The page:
UCLA researchers have developed organic solar (OPV) cells that can provide energy to greenhouses while also blocking ultraviolet rays to prevent overheating.
“We already established a startup that will scale up production of these organic solar cells for industrial use,” researcher Minhuan Wang told pv magazine.
The new device features the L-glutathione antioxidant as a reductive interlayer. This facilitates charge transfer between the cell's zinc oxide (ZnO) layer and the photoactive layer made, which is made of a non-fullerene acceptor known as PM6:Y6, the scientists said in “Achieving sustainability of greenhouses by integrating stable semi-transparent organic photovoltaics,” which was recently published in Nature Sustainability.
They built the cell with a substrate made of glass and indium tin oxide (ITO), the novel interlayer, the photoactive layer, a hole transport layer made of molybdenum trioxide (MoO3), and a silver (Ag) metal contact.
“The l-G molecule can effectively nullify both major defects in the ZnO film and reduce the carrier recombination at the interface,” the academics said, in reference to the passivation effect of the interlayer. “The charge transfer from the ZnO surface to the O 2 is impeded by the l-G molecule, preventing the formation of the superoxide molecule.”
According to their findings, the new interlayer has two different functions. On one side, it acts as a passivation agent and, on the other side, it suppresses superoxide formation, which is usually triggered by the oxygen vacancy on the ZnO surface.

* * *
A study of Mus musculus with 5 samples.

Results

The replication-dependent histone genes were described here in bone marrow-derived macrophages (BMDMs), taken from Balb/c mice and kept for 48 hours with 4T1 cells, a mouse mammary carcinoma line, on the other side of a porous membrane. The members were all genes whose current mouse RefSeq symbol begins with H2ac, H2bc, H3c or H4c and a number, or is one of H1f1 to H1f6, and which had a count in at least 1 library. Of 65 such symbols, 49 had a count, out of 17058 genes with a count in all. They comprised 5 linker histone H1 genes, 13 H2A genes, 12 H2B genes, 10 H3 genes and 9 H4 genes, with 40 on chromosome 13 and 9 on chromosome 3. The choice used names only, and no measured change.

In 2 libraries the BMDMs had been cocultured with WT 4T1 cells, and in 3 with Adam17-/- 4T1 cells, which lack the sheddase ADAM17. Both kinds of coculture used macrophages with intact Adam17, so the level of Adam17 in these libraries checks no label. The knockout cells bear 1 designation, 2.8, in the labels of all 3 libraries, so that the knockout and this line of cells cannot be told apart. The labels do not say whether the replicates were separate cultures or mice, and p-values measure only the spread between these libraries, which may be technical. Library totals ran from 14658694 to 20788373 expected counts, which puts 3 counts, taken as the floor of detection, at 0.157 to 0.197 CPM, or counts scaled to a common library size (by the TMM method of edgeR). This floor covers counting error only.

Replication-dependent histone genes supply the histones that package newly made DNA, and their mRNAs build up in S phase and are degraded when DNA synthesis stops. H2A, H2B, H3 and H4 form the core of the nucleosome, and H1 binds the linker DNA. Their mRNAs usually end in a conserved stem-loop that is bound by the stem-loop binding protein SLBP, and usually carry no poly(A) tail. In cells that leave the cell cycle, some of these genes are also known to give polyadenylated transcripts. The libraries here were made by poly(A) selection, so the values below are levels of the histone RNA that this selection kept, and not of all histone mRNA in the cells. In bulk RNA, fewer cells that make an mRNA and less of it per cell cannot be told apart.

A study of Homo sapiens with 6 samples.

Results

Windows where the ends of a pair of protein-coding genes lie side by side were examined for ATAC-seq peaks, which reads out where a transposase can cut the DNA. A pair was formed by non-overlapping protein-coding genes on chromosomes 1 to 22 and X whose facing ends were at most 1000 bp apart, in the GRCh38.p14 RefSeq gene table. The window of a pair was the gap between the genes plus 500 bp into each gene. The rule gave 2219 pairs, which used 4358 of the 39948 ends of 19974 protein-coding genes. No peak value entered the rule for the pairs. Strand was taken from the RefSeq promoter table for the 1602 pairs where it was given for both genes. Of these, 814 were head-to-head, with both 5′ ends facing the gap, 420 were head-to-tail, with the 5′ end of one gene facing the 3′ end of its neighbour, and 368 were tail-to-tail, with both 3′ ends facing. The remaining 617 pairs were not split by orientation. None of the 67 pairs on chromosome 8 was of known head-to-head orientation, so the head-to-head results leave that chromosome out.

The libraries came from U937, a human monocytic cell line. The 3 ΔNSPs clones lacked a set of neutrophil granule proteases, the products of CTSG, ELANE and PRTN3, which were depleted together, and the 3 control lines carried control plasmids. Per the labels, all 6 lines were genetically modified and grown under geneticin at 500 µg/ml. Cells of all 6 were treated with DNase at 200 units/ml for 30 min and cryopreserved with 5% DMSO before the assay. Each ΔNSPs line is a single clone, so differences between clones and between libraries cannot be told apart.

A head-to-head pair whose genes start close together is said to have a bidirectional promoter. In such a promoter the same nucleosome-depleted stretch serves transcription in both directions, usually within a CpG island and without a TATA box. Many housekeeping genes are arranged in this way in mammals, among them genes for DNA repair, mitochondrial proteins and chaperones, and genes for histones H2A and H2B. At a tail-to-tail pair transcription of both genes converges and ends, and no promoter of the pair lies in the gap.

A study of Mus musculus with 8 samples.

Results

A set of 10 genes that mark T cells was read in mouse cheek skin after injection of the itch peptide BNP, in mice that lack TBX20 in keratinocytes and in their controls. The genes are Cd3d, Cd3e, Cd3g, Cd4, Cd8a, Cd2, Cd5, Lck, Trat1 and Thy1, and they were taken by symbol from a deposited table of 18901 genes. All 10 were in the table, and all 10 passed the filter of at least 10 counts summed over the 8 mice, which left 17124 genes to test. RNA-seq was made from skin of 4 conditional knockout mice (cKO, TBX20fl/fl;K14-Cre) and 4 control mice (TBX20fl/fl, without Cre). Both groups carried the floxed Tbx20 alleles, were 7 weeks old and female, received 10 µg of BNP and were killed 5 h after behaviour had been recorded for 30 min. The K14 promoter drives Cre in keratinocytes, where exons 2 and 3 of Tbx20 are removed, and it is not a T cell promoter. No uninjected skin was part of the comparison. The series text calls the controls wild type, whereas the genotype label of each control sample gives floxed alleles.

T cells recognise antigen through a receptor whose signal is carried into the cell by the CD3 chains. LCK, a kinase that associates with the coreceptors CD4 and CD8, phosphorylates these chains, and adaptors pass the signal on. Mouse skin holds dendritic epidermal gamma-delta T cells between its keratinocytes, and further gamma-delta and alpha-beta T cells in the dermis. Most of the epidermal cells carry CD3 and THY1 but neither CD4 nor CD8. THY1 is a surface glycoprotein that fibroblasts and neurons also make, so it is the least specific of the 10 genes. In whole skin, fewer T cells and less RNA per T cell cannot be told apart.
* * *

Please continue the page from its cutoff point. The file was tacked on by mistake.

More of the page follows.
“The suppressed superoxide and hydroxide radical generation notably led to enhanced operational stability of the encapsulated semi-transparent OPV devices with the PM6/Y6 photoactive layer,” the US group said. “The devices with the l-G interlayer retained over 84% of their initial efficiency after 1,008 h continuous exposure under illumination.”
With the addition of the interlayer, the cell efficiency also increased – from 11.6% to 13.5% – with an enhancement of the short-circuit current density from 20.5 to 22.2 mA cm−2. “Additionally, due to the strong reducibility of the l-G molecule, the production of the radicals is reduced,” the scientists said.
They also tested the growth of common crops such as wheat, mung beans, and broccoli in a setup with a transparent glass roof with segments of inorganic solar cells and a setup with a roof made entirely from semi-transparent organic solar cells.
“The crops in the greenhouse with the organic solar roof grew more than the crops in a regular greenhouse,” they stated, noting that the L-glutathione layer blocked ultraviolet rays, which are detrimental to plant growth, as well as infrared rays, which can cause greenhouses to overheat.
“We didn’t expect the organic solar cells to outperform a conventional glass-roof greenhouse,” said co-author Yepin Zhao. “But we repeated the experiments multiple times with the same results and after further research and analysis, we discovered that plants don’t need as much sunlight to grow as we’d originally thought.”
This content is protected by copyright and may not be reused. If you want to cooperate with us and would like to reuse some of our content, please contact: email@example.com.